Ge in India: getting ready

Earlier this year, our Geraldine (Ge for short, pronounced like 'gee whizz') went to India to visit one of the innocent foundation's partner organisations, Jeevika Trust. This is the first chapter of her story. We'll be posting more updates here soon.

part one – getting ready

I am going to India in two days' time.

Suncream? Packed.

Mosquito repellent? Packed.

Camera? Packed.

Level of excitement, on a scale of 1 to 10? 11.

how am I supposed to pack?

I'm super excited. And I will make sure I bring lots of pictures & stories back so I can share what I learn out there as much as possible.

In my excitement I tried to prepare as best I could by reading everything I could get my hands on to try and give me some idea of what it would be like: I have read travellers’ blogs, the Foreign and Commonwealth Office travel advice website, City of Joy (Dominique Lapierre), The Alchemy of Desire (Tarun J. Tejpal), The White Tiger (Aravind Adiga), Kim (Rudyard Kipling), Fous de l’Inde (Regis Airault) and my Eyewitness guidebook. I have also watched the beautiful 1982 film Gandhi, which depicts the life of Mahatma Gandhi, the leader of India’s non-violent independence movement in British-ruled India. I have even watched my first Bollwyood movie, Yeh Jawaani Hai Deewani, and loved it. Now I feel I’m ready as I’ll ever be to step-foot in India for the first time and discover for myself what it is really like.

I am travelling with the innocent foundation, to visit and work for one of our charity partners: Jeevika Trust.

So let me tell you a little bit more about the innocent foundation…

The innocent foundation aims to help the world’s hungry. Why? Because currently 1 in 8 people in the world suffer from hunger. The stats are shocking: in India alone, over 7,000 Indian people die of hunger every day. When actually, hunger is one of the most solvable problems in the world.

And about Jeevika Trust…

To help the world’s hungry, the innocent foundation partners with incredible charities like Jeevika Trust. Jeevika means ‘livelihood’ in Hindi: as they say on their website, it is not just about making a living, but about embracing all primary conditions for a dignified and hopeful existence. Jeevika Trust was founded in 1970 as a non-religious, non-political UK charity. Its mission is to tackle the roots of poverty, which fits very neatly with the innocent foundation’s aim.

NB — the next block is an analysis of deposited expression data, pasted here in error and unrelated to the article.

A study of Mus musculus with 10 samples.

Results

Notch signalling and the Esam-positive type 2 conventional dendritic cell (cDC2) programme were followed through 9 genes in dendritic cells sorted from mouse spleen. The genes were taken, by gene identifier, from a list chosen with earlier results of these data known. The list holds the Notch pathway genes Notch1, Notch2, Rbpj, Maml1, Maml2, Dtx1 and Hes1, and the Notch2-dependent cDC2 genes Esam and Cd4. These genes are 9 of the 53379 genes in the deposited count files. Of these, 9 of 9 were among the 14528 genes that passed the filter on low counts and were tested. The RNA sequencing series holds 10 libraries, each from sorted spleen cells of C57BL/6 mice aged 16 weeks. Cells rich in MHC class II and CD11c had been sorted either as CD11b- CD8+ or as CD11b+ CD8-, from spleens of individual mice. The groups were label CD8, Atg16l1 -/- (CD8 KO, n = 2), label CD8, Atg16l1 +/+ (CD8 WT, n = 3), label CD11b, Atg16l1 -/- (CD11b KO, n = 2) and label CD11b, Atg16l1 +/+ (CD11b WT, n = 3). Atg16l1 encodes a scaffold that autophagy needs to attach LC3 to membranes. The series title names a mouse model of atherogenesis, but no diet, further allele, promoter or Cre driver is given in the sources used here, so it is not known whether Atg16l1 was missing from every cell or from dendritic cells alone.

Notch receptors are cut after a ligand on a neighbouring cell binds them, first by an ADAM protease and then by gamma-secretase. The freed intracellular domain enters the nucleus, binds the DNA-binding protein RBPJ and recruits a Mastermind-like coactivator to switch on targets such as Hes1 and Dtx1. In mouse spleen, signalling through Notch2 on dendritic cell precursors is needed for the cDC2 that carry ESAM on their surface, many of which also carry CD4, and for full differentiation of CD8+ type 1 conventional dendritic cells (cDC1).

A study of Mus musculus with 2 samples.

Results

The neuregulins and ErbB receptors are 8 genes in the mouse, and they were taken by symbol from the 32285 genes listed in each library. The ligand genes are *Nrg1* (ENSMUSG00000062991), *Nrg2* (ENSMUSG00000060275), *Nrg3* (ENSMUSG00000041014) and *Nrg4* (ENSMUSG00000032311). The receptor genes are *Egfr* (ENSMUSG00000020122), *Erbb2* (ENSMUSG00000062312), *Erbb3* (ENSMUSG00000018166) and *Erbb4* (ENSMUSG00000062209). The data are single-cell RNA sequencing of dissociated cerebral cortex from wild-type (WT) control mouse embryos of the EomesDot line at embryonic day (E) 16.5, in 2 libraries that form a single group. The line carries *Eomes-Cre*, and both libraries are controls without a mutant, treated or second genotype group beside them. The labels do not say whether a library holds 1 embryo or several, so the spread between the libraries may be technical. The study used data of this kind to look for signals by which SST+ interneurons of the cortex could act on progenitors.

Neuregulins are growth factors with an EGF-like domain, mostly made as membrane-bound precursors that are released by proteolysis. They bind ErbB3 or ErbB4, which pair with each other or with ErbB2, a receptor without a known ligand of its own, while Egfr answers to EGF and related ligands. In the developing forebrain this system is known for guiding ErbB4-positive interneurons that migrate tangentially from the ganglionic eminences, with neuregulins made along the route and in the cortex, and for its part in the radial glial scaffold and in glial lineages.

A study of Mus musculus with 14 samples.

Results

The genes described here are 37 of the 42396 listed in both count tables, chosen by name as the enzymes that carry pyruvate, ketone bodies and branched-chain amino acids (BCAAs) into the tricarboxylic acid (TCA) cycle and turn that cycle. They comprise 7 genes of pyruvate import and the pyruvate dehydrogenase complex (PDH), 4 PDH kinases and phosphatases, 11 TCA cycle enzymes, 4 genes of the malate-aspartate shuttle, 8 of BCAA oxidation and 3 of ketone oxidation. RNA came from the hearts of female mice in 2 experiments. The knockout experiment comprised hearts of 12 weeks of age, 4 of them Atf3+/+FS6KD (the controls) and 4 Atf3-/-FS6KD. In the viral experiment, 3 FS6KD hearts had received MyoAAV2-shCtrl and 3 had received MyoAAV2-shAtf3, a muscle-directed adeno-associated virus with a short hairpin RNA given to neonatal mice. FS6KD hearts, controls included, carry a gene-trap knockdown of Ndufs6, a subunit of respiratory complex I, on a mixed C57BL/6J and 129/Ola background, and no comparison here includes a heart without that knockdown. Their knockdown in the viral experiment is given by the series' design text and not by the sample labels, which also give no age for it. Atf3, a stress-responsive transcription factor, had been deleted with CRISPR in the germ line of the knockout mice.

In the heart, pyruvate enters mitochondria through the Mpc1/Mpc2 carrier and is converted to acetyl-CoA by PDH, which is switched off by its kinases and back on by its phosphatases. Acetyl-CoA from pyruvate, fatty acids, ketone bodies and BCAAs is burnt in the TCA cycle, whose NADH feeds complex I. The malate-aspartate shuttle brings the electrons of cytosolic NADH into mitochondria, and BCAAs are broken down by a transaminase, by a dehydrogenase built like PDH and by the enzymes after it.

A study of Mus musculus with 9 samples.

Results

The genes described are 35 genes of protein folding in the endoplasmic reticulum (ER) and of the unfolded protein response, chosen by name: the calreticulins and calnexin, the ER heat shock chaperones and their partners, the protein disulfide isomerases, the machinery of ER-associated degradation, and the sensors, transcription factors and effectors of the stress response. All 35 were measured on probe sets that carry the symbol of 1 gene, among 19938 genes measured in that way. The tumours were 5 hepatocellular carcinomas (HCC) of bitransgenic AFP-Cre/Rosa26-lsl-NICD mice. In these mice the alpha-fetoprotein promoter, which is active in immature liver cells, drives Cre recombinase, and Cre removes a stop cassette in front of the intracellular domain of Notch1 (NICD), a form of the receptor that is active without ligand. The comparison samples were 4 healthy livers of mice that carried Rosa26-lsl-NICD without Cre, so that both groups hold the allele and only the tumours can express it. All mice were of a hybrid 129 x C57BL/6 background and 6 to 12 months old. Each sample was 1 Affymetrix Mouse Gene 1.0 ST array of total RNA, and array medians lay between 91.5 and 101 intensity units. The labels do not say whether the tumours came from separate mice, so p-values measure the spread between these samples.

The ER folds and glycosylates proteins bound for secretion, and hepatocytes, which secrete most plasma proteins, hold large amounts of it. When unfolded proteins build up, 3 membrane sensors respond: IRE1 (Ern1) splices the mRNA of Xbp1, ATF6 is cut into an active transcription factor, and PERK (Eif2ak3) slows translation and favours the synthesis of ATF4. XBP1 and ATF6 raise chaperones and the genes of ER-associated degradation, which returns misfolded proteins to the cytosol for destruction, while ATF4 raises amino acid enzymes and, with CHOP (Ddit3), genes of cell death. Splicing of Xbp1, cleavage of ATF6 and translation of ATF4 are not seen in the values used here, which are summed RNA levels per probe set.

Jeevika Trust works with Indian local partner charities. I will be visiting one of them: Jeevan Rekha Parishad (JRP), which can be translated as ‘lifeline council’. JRP is an independent development organisation working for peace, solidarity, human rights and sustainable livelihood in the State of Odisha. I will be visiting one of their projects which the innocent foundation supports. The project is called ‘Eco-Berhampur’, and it's based on an island where 80% of the population live below the poverty line ($US1 per day). The project aims to develop the Berhampur village by empowering the villagers to make the most of their natural resources and become economically and environmentally sustainable.

one of the beneficiaries from Berhampur island, with her granddaughter

And about me...

I work in the HR team at innocent drinks. I am very, very proud of the fact that innocent gives 10% of its profits to charity.

Every year, innocent gives two people in the company the chance to each visit one of the foundation project partners and support a project by doing a real piece of work for them. I am delighted to have won the scholarship last year.

I’ll be working on two different projects whilst in India:

- The first one will be to write case studies about women who benefitted from Jeevika Trust’s support. These stories will then be shared on JRP’s website, Jeevika Trust’s website and here on the innocent foundation website. I am excited to know more about women villagers whose everyday life is so different from ours. I am very keen to understand the challenges they face and how JRP works with them to build their capabilities.

- The second project will be to give JRP employees training on what an HR policy should look like. I believe no matter where you are, some key principles on recruiting, retaining and motivating people stay the same and make it easier to reach your goal.

I’m also hoping I can make a difference, however tiny that is, so that I’m not the only one benefitting from this experience… I feel so privileged to go and meet the people who work for JRP as well as the women whose lives have been positively impacted by the work of JRP and, indirectly, by the innocent foundation. I can’t wait to get there and see what it’s like.

This is me

Oh, and one last thing: I am French – so please excuse any strange phrases that don't translate properly. Thanks for reading, and I will write more soon.